Jill Biden spoke candidly Wednesday about the challenges of her job as first lady and the unexpected scrutiny she has experienced in a position she never imagined having when she was young.
Speaking at an event for the Barbara Bush Foundation for Family Literacy at the Kennedy Center, Biden offered tribute to the late Barbara Bush, first lady from 1989 to 1993, and her ability to handle controversy with grace.
Biden said she has learned a similar lesson: “There are times when the role of first lady pushes you to show up, even when it’s uncomfortable.”
Biden recounted how she has now visited 32 states as part of the administration’s vaccination campaign, her focus on child poverty and education, and “to listen to people who have often been ignored.” When asked why she visits Republican-leaning states such as Mississippi, Alabama and Alaska, where she knows she will be encounter opposition, she said: “I am their first lady, too.”
Biden has been one of the administration’s most prominent and prolific surrogates, frequently traveling outside of Washington on her own, and occasionally with President Joe Biden, to encourage Americans to get vaccinated. A teacher, she often visits schools to push the administration’s proposed investments in education.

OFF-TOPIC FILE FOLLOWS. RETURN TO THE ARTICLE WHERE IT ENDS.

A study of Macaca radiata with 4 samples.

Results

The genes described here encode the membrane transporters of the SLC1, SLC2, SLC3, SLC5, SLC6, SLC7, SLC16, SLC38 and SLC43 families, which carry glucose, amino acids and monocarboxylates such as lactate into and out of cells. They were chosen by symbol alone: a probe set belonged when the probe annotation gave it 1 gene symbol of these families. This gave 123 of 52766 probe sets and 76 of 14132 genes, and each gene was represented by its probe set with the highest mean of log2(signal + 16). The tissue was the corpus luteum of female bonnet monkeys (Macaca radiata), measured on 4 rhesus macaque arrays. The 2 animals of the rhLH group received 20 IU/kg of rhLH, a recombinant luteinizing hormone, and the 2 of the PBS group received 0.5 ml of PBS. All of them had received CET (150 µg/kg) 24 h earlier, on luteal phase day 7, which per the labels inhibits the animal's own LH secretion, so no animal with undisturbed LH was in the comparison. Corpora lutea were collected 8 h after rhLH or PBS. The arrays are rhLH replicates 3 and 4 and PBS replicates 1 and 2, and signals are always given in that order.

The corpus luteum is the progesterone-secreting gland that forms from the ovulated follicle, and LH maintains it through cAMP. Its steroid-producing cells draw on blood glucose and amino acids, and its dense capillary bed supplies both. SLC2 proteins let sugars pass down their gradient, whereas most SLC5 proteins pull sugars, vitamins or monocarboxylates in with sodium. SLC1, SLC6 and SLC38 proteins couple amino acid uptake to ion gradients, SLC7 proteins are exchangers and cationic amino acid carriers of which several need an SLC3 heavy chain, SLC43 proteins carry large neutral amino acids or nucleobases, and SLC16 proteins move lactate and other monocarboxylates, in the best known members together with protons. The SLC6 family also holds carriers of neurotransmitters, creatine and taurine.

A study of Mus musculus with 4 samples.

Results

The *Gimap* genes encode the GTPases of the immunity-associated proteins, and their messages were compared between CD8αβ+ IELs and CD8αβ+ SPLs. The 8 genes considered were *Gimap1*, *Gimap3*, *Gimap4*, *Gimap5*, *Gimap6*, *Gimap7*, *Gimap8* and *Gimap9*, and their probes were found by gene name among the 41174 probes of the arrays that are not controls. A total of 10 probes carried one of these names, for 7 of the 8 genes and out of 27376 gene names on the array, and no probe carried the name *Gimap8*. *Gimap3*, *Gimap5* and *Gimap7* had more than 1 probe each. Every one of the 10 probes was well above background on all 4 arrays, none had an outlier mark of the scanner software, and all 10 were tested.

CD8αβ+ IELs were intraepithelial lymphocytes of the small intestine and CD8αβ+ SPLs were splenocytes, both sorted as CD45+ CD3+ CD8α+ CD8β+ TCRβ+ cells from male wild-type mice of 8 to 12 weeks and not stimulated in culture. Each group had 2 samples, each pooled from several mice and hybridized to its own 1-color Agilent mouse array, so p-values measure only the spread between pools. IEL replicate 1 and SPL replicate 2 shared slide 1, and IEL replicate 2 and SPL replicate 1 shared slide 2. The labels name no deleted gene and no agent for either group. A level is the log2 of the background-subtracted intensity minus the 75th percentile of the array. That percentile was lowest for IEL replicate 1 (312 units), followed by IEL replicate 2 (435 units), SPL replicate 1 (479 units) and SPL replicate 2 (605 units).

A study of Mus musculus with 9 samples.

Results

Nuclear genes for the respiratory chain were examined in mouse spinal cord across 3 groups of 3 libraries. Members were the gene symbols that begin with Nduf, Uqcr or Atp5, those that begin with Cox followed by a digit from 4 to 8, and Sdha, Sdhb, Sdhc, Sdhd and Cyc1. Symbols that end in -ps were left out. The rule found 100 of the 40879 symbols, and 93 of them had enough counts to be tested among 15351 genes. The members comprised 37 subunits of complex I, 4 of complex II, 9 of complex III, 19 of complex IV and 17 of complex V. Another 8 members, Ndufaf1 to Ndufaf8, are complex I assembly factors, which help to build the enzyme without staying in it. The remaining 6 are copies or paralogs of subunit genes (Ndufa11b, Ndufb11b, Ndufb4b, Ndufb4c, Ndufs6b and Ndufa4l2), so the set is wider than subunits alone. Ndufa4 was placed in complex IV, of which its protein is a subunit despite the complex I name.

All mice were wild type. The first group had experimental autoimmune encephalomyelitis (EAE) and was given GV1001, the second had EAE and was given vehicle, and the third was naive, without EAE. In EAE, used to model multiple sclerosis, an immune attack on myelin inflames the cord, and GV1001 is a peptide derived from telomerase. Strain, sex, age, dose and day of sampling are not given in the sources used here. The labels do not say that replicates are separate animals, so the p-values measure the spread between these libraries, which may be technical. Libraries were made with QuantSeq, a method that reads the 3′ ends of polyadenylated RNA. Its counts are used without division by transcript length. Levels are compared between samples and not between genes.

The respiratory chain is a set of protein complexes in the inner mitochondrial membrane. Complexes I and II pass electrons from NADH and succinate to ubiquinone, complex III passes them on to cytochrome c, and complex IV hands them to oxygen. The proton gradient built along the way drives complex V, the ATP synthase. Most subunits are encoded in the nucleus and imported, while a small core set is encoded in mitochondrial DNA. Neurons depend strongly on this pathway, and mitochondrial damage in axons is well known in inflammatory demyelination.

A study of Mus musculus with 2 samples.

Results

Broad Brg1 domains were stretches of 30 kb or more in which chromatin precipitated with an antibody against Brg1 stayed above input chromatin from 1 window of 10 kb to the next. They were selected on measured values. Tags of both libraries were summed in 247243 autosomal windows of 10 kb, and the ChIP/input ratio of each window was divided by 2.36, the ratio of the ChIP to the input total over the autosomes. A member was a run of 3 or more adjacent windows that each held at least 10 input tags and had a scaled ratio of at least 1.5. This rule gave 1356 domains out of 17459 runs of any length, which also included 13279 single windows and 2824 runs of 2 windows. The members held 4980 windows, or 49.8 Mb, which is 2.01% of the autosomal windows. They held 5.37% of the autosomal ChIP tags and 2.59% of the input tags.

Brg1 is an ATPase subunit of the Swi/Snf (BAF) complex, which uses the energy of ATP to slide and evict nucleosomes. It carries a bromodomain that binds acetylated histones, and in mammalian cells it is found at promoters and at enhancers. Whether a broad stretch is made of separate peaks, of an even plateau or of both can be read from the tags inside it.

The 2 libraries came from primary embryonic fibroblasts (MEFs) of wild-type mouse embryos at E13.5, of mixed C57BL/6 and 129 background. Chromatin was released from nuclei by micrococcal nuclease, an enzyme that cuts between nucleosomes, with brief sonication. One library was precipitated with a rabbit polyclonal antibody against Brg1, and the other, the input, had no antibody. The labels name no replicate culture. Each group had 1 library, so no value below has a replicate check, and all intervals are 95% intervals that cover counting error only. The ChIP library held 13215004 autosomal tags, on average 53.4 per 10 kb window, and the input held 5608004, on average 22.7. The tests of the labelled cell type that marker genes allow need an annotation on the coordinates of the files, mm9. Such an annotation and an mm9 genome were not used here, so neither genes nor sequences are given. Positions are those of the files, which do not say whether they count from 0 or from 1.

Mrs. Bush, who died in 2018, had also been a vice president's wife before being first lady, like Jill Biden has.
“We aren’t elected, we have to define this role for ourselves. And we are thrust into a national spotlight in a way that I know none of us could have anticipated,” she said.
Biden recounted a moment that scrutiny hit home, when she went to a bakery to buy Valentine’s Day cupcakes and, to her surprise, her decision to wear her hair in a scrunchie made national news.
“As first lady, everything you do or say carries more weight. And while that can be intimidating at times, it’s also what makes the role so special,” she said.
Biden also spoke about her surprise and awe at ending up in such a position of power after growing up “spending my summers watching Phillies baseball games and waitressing at the Jersey Shore to make money for college.”
“I could never have imagined where my life would take me. That one day I would eat dinner on the China that Bess Truman picked out so many years ago,” she said, or “wake up, just surrounded by priceless pieces of history.”